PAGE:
Old Media, New Media, and Public Engagement With Science and Technology

Old Media, New Media, and Public Engagement With Science and Technology

Yulia A. Strekalova (University of Florida, USA), Janice L. Krieger (University of Florida, USA), Rachel E. Damiani (University of Florida, USA), Sriram Kalyanaraman (University of Florida, USA) and Daisy Zhe Wang (University of Florida, USA)
Copyright: © 2018 |Pages: 17
DOI: 10.4018/978-1-5225-3929-2.ch025

Mass media are, collectively, an effective mechanism for the engagement of the general public in a debate and exchange of information related to science and technology innovations. Whether the aim is to affect change at the individual, population, or policy-making level, public understanding of science and interaction between experts and lay audiences are paramount. This chapter describes a case study of a cybersecurity forum that provided an opportunity for information technology experts to share their knowledge with studio and social media audiences. Reviewing conceptual and practical implications of the case study, the chapter discusses how public engagement efforts could capitalize on the strength of both traditional and online media and introduce interactive programs that cross these two media spaces.

Cybersecurity is a critical concern for citizens, industry and government. Intrusions and attacks compromise everything from our personal identities to our national security, from our ATMs to financial markets. Although the risks associated with cyber attacks are real and often devastating, it is difficult to engage the public in messages that help them stay safe. To promote public engagement on the topic of cybersecurity, the University of Florida (through a partnership between the STEM Translational Communication Research program and the College of Engineering) organized a community forum on the topic of cybersecurity. The event, Ask SENSEI, was named for the activities of the SouthEasterN Security for Enterprise and Infrastructure (SENSEI), which is engaged in basic and applied research, designs robust cyber infrastructures to counter cyber threats, and educates the public on how they can protect themselves.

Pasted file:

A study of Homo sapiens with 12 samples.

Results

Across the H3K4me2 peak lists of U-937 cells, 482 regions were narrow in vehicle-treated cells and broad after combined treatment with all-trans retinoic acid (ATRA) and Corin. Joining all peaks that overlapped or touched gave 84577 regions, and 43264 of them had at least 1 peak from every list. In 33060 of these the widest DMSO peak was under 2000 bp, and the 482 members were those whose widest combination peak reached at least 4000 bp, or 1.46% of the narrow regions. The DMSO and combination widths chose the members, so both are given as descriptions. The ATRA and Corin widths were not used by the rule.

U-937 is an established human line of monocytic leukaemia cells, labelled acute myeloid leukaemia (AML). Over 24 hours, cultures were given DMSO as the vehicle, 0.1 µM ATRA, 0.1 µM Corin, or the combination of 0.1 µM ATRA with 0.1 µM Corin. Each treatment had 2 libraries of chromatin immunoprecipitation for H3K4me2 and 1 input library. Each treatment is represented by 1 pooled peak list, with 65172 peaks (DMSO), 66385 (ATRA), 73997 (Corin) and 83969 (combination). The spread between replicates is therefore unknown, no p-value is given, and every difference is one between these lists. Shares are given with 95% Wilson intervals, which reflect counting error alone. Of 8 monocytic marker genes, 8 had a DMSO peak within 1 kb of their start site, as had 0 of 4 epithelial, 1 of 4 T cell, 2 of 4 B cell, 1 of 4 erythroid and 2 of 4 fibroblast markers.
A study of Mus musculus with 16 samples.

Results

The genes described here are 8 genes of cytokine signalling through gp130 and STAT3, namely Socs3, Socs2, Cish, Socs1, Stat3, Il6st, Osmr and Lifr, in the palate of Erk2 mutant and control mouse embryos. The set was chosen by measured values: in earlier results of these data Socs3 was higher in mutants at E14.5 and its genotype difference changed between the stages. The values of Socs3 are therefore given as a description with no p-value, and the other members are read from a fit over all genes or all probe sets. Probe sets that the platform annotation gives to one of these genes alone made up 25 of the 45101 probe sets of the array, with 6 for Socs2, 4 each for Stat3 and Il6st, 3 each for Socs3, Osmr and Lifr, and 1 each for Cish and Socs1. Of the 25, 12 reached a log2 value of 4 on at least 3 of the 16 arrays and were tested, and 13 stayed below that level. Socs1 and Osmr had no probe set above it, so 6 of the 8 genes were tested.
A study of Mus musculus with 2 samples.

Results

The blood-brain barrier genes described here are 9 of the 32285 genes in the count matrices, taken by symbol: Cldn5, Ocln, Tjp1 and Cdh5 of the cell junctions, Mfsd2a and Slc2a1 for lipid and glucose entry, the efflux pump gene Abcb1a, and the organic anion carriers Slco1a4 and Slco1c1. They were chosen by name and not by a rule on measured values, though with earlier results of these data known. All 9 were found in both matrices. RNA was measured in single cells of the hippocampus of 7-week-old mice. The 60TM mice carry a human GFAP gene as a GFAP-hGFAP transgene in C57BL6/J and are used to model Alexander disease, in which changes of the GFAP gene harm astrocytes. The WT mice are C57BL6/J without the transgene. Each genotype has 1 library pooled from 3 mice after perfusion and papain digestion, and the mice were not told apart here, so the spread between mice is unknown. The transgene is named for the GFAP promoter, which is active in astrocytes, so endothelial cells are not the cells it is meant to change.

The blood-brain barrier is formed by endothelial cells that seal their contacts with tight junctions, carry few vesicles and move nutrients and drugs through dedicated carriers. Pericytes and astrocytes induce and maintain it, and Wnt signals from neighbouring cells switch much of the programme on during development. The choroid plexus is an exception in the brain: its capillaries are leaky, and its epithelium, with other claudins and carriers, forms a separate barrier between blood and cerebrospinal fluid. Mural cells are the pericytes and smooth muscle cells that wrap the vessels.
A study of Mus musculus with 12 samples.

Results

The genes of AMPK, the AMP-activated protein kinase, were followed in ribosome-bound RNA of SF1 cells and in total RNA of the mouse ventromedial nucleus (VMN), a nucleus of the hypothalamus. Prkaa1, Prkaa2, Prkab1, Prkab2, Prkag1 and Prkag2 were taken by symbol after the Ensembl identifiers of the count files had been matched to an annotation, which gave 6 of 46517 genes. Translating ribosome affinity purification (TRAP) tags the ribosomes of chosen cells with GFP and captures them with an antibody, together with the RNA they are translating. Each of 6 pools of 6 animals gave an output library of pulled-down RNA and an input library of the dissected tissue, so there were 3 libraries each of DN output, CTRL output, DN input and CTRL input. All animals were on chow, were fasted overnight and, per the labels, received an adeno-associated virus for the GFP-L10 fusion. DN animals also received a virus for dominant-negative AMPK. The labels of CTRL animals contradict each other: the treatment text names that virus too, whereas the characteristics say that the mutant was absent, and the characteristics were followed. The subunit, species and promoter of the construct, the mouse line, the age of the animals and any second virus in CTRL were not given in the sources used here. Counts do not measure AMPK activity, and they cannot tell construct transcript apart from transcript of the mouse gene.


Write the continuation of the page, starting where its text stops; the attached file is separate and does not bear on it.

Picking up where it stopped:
The community forum featured three preeminent cybersecurity scholars as panelists. The forum took place in October 2014, which was marked as a U.S. National Cybersecurity Awareness Month. Following the core topics of the National Cybersecurity Awareness Month, the forum discussed:

  • 1.

    The aspects of promoting online safety,

  • 2.

    Secure development of IT products,

  • 3.

    Internet of things,

  • 4.

    Cybersecurity for business, and

  • 5.

    Cyber crime.

Related to the five core topics, the experts who participated in the forum discussed the questions related to the threats of the Internet and cyber activity, security of personal devises, the intersection of security and household products, innovations in cybersecurity technologies, consumer safety concerns, and fraud protection.